By Stefan J. Bos, Chief International Correspondent Worthy News
Hassana Adamu was among roughly 276 mainly Christian schoolgirls abducted in April 2014 from a secondary school in the town of Chibok by Islamist terror group Boko Haram.
Around 160 then-teenaged girls have subsequently escaped, been rescued, or released. Girls reported being whipped by their captors to force them into marriage. A group of Christian girls says they experienced a mock execution for refusing to convert to Islam.
The kidnappings sparked an international outcry and a viral campaign on social media with the hashtag #bringbackourgirls.
Nigeria’s army handed over Adamu, who converted to Islam, along with her two children, to Governor Babagana Zulum over the weekend, Worthy News learned.
The governor’s office also confirmed earlier this month that another of the victims had been freed and reunited with her parents.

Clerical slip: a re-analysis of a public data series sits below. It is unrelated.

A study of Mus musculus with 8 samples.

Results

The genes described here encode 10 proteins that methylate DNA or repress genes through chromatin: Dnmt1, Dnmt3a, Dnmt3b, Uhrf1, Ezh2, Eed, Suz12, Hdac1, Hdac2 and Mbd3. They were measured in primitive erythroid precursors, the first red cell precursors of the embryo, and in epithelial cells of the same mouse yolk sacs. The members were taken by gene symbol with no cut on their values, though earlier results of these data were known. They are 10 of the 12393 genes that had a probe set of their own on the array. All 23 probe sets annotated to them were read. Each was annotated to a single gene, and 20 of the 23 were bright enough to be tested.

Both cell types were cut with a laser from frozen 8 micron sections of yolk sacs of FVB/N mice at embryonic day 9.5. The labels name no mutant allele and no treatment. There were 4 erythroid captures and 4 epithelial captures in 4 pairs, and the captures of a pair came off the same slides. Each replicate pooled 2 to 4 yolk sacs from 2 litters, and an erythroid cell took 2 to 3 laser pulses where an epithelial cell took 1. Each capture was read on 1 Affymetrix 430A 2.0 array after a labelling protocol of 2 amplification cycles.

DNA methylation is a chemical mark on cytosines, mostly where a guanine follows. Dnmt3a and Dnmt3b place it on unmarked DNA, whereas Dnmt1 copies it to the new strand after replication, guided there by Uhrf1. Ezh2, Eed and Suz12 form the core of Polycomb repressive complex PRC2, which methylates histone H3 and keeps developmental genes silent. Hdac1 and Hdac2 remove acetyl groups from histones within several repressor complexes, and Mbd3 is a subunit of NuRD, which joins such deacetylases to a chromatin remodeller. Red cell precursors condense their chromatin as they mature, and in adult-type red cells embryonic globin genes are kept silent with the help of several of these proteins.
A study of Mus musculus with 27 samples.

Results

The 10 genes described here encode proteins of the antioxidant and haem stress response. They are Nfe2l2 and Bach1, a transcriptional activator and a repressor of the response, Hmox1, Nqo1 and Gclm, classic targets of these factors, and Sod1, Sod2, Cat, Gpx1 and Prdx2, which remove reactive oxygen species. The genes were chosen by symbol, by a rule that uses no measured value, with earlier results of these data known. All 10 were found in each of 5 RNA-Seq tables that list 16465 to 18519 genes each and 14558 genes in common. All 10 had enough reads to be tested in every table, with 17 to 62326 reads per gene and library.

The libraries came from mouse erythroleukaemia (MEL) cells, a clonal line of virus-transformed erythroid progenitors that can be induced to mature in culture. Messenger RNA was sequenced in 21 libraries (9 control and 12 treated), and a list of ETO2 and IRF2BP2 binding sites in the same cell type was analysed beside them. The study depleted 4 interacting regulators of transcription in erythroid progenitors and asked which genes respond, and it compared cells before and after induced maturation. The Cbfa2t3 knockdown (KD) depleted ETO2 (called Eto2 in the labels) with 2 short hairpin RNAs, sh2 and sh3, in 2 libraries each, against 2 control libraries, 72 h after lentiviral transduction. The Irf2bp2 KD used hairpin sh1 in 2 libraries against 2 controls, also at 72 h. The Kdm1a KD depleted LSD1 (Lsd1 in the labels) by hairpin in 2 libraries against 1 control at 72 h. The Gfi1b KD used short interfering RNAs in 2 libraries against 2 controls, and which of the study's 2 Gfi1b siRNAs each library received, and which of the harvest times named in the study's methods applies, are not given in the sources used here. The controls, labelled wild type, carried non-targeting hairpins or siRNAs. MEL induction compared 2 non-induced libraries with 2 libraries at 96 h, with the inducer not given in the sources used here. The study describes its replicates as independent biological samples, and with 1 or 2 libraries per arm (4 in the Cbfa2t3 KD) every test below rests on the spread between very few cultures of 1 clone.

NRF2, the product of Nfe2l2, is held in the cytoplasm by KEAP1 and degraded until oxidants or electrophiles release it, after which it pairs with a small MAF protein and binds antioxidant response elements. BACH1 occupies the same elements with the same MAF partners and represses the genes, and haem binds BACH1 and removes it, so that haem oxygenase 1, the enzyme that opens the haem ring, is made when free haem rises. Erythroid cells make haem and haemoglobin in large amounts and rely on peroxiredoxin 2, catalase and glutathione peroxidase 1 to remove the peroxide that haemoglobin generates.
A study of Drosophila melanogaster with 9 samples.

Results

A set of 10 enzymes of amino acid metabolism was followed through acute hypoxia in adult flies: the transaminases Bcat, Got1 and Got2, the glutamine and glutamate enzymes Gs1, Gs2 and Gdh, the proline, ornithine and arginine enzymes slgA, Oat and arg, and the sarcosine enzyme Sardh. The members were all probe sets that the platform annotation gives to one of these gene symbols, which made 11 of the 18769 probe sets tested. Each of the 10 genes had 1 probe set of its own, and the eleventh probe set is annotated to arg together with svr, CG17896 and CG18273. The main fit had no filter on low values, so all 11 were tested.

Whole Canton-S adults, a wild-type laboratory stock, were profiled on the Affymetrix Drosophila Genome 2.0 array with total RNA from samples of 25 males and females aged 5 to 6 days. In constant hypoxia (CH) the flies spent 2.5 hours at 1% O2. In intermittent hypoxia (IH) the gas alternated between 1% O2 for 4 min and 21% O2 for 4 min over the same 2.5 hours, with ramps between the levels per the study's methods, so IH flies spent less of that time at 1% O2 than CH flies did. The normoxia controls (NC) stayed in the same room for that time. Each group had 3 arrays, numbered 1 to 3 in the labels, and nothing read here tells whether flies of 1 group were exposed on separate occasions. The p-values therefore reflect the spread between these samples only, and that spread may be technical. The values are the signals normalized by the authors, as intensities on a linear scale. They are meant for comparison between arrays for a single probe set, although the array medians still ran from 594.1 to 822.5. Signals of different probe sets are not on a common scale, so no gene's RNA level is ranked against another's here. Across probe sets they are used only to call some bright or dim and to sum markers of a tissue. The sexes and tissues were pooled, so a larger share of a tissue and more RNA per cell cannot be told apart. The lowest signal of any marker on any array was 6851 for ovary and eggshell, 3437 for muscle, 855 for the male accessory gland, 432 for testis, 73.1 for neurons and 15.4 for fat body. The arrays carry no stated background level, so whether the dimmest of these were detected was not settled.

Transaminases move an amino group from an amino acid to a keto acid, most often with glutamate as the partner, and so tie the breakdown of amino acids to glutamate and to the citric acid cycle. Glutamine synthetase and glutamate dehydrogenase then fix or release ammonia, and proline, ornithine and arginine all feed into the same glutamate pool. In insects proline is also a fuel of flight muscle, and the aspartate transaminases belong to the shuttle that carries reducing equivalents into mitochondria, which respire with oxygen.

Governor Zulum said the girl, Ruth Ngladar Pogu, “surrendered” to the military along with someone she said she married during her captivity.
He stressed that the woman would “receive psychological medical care as part of a government rehabilitation program.”
The release of the women raised hope that the other roughly 110 missing young women from Chibok would be found, according to Christian aid workers.
Other parents of kidnapped students are also still searching for their children. About 1,000 pupils had been snatched in mass abductions from schools since December last year, 2020, said Christian charity, Barnabas Fund. Most were abducted in Nigeria’s northern and central states.
In the latest known incident, gunmen reportedly kidnapped last month around 120 students from the Bethel Baptist High School, Kaduna State.
Since the July 5 attack, some have escaped or been released but 83 pupils remain in captivity, Barnabas Fund said.